Tom Friedman’s latest column in the New York Times takes a look at how we can invest in America to help give young American’s the skills and tool they will need to get beyond the Coronavirus debt. He lists three things; broadband makes the shortlist…
Expanded high-speed internet connectivity everywhere, but particularly in rural America, so more people can participate in the innovation economy.
And he backs that up with using Red Wing as a model community…
But let’s not stop there. Let’s also create tax, regulatory and funding incentives for every community — but particularly the many underserved rural communities — to install high-speed broadband and fiber to the home.
“Building fiber infrastructure all across heartland America ensures that high-paying jobs can take place anywhere,” explained Matt Dunne, executive director of the Center on Rural Innovation, and it makes the whole country “more resilient to future pandemics and climate change-related weather events that require children and workers to stay home.”
High-speed internet basically enables anyone anywhere to get training for a better job, often at low to no cost, from online universities or YouTube instructional videos.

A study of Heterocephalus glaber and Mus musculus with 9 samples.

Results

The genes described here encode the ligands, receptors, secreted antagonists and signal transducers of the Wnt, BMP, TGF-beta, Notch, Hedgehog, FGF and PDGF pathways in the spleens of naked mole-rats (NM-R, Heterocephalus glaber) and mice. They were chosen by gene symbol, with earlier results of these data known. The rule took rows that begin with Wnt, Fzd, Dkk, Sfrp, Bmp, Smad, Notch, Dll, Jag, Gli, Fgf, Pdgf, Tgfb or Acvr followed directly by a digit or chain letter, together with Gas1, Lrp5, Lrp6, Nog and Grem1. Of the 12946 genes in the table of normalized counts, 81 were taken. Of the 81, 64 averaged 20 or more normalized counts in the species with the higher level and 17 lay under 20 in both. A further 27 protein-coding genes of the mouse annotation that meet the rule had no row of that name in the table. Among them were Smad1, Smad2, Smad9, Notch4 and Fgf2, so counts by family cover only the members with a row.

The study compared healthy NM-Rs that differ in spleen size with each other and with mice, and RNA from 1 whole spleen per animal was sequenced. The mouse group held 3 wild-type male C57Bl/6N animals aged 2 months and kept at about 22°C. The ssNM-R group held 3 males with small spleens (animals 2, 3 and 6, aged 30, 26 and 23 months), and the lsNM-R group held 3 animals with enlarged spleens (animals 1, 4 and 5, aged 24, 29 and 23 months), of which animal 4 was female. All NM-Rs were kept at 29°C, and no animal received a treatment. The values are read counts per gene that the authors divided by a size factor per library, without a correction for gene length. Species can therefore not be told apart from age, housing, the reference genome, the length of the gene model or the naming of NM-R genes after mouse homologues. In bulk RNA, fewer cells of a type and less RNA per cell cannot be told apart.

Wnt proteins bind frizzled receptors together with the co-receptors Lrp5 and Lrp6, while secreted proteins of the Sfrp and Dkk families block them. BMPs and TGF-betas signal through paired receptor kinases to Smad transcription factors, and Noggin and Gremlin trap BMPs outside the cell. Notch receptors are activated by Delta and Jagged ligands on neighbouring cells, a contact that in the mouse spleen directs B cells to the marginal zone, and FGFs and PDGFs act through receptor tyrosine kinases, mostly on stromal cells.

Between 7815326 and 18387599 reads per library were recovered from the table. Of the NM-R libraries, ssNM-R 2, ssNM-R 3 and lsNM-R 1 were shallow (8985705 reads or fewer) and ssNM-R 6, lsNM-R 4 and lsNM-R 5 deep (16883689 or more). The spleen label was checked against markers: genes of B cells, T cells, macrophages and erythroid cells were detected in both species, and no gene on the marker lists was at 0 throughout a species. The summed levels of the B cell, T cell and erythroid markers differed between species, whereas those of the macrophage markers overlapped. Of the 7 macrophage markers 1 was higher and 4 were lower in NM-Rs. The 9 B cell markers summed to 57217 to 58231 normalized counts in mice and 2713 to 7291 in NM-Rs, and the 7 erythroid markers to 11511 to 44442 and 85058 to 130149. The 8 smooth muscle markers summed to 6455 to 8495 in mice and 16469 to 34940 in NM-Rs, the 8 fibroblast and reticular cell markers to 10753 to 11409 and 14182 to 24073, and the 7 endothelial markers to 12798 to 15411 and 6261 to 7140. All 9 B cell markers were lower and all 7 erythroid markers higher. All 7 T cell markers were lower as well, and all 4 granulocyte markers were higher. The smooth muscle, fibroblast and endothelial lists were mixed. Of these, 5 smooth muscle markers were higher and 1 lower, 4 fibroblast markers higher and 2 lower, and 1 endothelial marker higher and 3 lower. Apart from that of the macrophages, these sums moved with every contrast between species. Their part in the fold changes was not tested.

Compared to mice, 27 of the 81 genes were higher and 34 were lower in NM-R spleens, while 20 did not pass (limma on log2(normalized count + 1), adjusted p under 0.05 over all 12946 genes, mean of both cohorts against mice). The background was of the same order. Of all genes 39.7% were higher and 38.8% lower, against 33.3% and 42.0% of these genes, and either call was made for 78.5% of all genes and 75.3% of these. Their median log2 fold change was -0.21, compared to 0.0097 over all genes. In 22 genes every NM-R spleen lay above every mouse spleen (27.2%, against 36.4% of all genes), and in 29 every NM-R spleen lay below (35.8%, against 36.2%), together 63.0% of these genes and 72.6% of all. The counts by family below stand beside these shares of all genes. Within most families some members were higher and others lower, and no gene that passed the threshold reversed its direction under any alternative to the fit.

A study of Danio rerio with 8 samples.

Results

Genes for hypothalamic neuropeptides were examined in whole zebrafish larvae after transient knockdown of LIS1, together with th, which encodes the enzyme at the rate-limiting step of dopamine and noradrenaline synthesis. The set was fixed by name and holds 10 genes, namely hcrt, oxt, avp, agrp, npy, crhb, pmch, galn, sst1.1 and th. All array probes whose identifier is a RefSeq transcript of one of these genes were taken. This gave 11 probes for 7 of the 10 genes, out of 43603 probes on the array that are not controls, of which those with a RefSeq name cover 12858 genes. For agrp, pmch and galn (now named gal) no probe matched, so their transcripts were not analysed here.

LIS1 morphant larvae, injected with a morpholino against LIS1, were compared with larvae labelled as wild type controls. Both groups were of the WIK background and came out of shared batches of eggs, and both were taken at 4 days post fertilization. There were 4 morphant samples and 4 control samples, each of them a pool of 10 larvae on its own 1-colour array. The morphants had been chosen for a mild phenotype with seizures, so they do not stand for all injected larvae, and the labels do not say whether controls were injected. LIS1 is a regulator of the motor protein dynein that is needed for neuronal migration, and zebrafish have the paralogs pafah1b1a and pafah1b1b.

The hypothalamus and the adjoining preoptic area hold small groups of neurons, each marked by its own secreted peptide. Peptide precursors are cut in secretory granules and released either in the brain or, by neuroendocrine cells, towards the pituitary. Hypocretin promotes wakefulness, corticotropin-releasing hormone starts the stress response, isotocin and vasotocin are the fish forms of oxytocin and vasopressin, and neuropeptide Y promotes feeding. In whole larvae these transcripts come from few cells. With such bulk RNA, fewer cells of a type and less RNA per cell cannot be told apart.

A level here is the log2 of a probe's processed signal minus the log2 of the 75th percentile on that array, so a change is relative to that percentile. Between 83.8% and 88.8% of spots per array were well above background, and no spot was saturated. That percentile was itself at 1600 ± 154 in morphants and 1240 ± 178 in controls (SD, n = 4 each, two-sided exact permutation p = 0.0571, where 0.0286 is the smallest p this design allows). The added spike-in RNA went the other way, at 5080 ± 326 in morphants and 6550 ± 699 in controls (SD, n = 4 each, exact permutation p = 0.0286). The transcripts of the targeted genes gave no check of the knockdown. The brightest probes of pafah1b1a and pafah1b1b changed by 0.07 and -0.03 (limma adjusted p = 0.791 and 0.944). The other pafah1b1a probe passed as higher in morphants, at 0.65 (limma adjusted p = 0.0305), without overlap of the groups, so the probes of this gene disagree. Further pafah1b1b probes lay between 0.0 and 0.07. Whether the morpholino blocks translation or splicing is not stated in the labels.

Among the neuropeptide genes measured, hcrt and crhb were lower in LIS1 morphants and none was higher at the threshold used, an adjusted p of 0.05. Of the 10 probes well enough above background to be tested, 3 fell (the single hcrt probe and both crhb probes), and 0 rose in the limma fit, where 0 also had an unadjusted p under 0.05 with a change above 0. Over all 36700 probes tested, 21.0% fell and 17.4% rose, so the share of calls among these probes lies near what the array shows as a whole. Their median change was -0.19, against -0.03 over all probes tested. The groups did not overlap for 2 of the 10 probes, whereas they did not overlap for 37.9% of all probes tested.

And if you connect them, they will invent. I traveled with Dunne in September to Red Wing, Minn., south of Minneapolis, to see the creative ways in which small towns were investing in rural broadband to build gigabit networks that support high-tech start-ups and local manufacturers.
My favorites were two Minnesota inventors who came up with a robotic chicken/turkey coop cleaner. It patrols the poultry house for dead birds and tills the bedding, but with an unexpected byproduct: The birds exercise more and are healthier, because they are constantly running away from or pecking at the robot. It also decreases the pecking order, so fewer birds are picked on and shunned. Mortality decreases and money is saved on feed and medicine. It’s called the “Poultry Patrol.”
And its inventors were “doing their prototyping in the region because farmers there have fiber to the home,” said Dunne. “While the robots work autonomously most of the time, there are significant periods when they need to be remotely operated and receive coding updates from afar, which is only possible with very fast broadband.”
What Dunne proposes is that the federal government create a new loan program, reminiscent of the Rural Electrification Act, which would offer 50-year, no-interest loans to communities and co-ops creating rural fiber broadband networks and an easing of regulations to enable public-private coalitions to build rural broadband and attach high-speed fiber to existing telephone poles.
This connectivity would also promote another enabling platform we need: manufacturing from anywhere through a network of open-source maker spaces. This, too, requires less government funding and more inspiration and imagination to show people what is possible.